Pausing pension contributions for a year 'may dent retirement pot by thousands'

Pausing workplace pension contributions for just a year could leave people thousands of pounds worse off in retirement.
Vicky Shaw

PEOPLE who pause their workplace pension contributions for just a year due to cost-of-living pressures may end up thousands of pounds worse off in retirement than if they had continued, calculations suggest.

Someone who started working with a salary of £25,000 per year and paid the minimum contributions from the age of 22 could end up with nearly £457,000 in retirement, pensions provider Standard Life calculated.

But if they paused at the age of 35 for just one year, they could end up with just over £444,000 by the age of 68 instead - which would be nearly £13,000 less than if they had continued to pay in.

Someone stopping for two years could end up around £25,000 worse off in retirement and someone pressing pause for three years could be nearly £38,000 short of what they may otherwise have accumulated.

The calculations were based on various assumptions, including certain levels of investment growth, salary growth and annual charges. Standard Life emphasised they should not be used to accurately represent exactly what might happen.

Standard Life also surveyed 2,500 customers and found that, if they had to cut down on expenses, 15 per cent would put less money into savings accounts, and 6 per cent would reduce their pension contributions.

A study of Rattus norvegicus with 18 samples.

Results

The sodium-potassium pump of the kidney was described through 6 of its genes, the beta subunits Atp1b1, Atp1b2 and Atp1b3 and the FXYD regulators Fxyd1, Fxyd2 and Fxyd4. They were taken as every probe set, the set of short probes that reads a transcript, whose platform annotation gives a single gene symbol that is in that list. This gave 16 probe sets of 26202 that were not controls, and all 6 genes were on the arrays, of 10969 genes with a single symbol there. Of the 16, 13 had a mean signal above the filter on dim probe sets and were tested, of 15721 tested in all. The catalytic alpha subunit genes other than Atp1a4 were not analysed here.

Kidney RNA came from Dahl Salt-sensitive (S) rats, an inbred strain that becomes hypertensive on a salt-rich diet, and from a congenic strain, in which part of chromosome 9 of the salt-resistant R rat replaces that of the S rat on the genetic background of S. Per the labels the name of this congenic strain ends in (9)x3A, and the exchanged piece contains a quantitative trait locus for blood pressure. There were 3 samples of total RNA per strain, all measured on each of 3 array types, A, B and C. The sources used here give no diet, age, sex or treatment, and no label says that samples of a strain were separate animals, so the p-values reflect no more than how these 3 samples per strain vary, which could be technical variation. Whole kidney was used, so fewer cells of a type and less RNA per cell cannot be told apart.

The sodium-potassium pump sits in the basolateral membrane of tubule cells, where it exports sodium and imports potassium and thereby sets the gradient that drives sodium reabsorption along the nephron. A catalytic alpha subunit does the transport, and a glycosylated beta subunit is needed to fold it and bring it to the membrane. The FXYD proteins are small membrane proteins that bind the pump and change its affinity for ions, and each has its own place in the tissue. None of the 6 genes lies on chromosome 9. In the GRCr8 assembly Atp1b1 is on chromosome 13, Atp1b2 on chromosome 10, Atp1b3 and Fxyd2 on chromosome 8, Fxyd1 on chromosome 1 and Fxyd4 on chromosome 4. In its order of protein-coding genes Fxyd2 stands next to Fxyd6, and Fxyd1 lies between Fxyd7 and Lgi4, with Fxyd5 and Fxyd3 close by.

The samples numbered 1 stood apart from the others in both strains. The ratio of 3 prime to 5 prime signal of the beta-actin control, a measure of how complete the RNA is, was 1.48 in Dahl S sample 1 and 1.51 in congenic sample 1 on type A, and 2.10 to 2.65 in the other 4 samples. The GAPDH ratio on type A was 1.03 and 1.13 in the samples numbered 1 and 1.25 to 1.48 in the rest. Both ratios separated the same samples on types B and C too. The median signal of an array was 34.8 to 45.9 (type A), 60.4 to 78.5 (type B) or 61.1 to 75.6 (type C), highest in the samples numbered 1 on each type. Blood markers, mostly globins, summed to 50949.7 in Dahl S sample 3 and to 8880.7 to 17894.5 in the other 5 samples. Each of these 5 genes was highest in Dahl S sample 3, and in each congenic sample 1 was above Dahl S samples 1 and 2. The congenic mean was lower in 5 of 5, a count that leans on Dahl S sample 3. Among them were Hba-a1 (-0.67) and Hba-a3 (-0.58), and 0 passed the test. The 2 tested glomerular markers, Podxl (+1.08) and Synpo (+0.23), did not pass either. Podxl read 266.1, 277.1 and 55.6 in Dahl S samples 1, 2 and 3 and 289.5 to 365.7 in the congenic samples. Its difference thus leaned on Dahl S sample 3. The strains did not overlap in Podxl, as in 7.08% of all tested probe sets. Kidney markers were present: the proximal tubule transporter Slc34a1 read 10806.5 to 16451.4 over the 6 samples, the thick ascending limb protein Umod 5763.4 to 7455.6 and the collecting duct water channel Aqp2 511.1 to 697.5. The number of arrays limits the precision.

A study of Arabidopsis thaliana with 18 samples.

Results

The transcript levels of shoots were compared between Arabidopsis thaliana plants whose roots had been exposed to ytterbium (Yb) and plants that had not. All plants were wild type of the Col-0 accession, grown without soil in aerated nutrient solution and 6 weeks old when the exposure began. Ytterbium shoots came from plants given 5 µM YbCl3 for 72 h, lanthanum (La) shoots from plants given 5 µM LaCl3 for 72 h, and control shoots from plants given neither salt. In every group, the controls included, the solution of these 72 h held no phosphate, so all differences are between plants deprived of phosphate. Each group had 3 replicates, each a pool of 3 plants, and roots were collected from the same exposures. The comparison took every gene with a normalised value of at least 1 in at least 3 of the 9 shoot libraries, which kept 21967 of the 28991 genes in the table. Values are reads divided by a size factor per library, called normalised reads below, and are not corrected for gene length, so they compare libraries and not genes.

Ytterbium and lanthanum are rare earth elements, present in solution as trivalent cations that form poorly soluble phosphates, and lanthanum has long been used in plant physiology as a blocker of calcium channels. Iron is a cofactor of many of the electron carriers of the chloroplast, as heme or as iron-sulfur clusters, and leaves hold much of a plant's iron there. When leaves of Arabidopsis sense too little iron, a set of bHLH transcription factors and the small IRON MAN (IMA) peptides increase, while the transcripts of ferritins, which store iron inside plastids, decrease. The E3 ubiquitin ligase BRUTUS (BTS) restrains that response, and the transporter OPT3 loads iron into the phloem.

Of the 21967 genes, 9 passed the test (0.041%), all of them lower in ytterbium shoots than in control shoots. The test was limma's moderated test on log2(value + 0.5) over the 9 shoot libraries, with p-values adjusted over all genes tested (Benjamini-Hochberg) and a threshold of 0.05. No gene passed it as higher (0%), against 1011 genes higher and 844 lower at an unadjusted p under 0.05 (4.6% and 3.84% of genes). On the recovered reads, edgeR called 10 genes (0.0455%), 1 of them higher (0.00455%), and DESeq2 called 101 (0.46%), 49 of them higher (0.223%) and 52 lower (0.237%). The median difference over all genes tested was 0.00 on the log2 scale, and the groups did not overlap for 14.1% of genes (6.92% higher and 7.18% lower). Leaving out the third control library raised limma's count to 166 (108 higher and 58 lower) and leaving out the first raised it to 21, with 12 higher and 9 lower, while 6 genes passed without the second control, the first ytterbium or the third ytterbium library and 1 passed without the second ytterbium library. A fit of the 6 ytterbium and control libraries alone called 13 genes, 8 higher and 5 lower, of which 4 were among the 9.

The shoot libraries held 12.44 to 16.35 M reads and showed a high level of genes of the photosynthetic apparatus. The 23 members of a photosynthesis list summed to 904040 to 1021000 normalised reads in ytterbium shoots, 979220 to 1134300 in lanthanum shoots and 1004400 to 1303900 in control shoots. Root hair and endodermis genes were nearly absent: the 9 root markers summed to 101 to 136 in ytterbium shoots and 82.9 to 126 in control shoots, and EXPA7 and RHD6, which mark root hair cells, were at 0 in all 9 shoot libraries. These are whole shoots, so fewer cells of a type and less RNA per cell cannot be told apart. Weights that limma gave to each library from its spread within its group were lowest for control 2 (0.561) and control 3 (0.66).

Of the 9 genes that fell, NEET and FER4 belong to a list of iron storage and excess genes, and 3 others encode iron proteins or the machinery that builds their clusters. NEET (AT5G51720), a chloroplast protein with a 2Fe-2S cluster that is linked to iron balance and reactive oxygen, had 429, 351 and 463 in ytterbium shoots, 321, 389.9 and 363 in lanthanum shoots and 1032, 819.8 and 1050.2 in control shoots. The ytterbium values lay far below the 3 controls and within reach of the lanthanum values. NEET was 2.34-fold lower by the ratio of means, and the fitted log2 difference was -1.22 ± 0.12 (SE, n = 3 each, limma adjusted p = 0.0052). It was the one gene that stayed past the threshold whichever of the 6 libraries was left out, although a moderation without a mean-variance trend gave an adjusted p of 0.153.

The vast majority (93 per cent) said that increasing costs and high inflation are going to have an impact, or are already having an impact, on their financial situation, rising from 88 per cent in the first quarter of this year.

More than three quarters (77 per cent) of people expect to have to cut back on spending or saving, rising to 86 per cent with an income of less than £20,000.

Some 83 per cent of households with between £20,001 and £30,000 in income said the same, as did just under three quarters (72 per cent) of households with £70,001 to £100,000 in income and more than half (56 per cent) of households earning more than £100,000.

Jenny Holt, managing director for customer savings and investments at Standard Life, said: "Consumers have had to contend with a lot so far this year, and since April alone we have seen the increase to the energy price cap, higher national insurance contributions, as well as inflation recently reaching 9.1 per cent.

"This is of course taking its toll on people's finances, with many having to cut back on spending and saving as a result."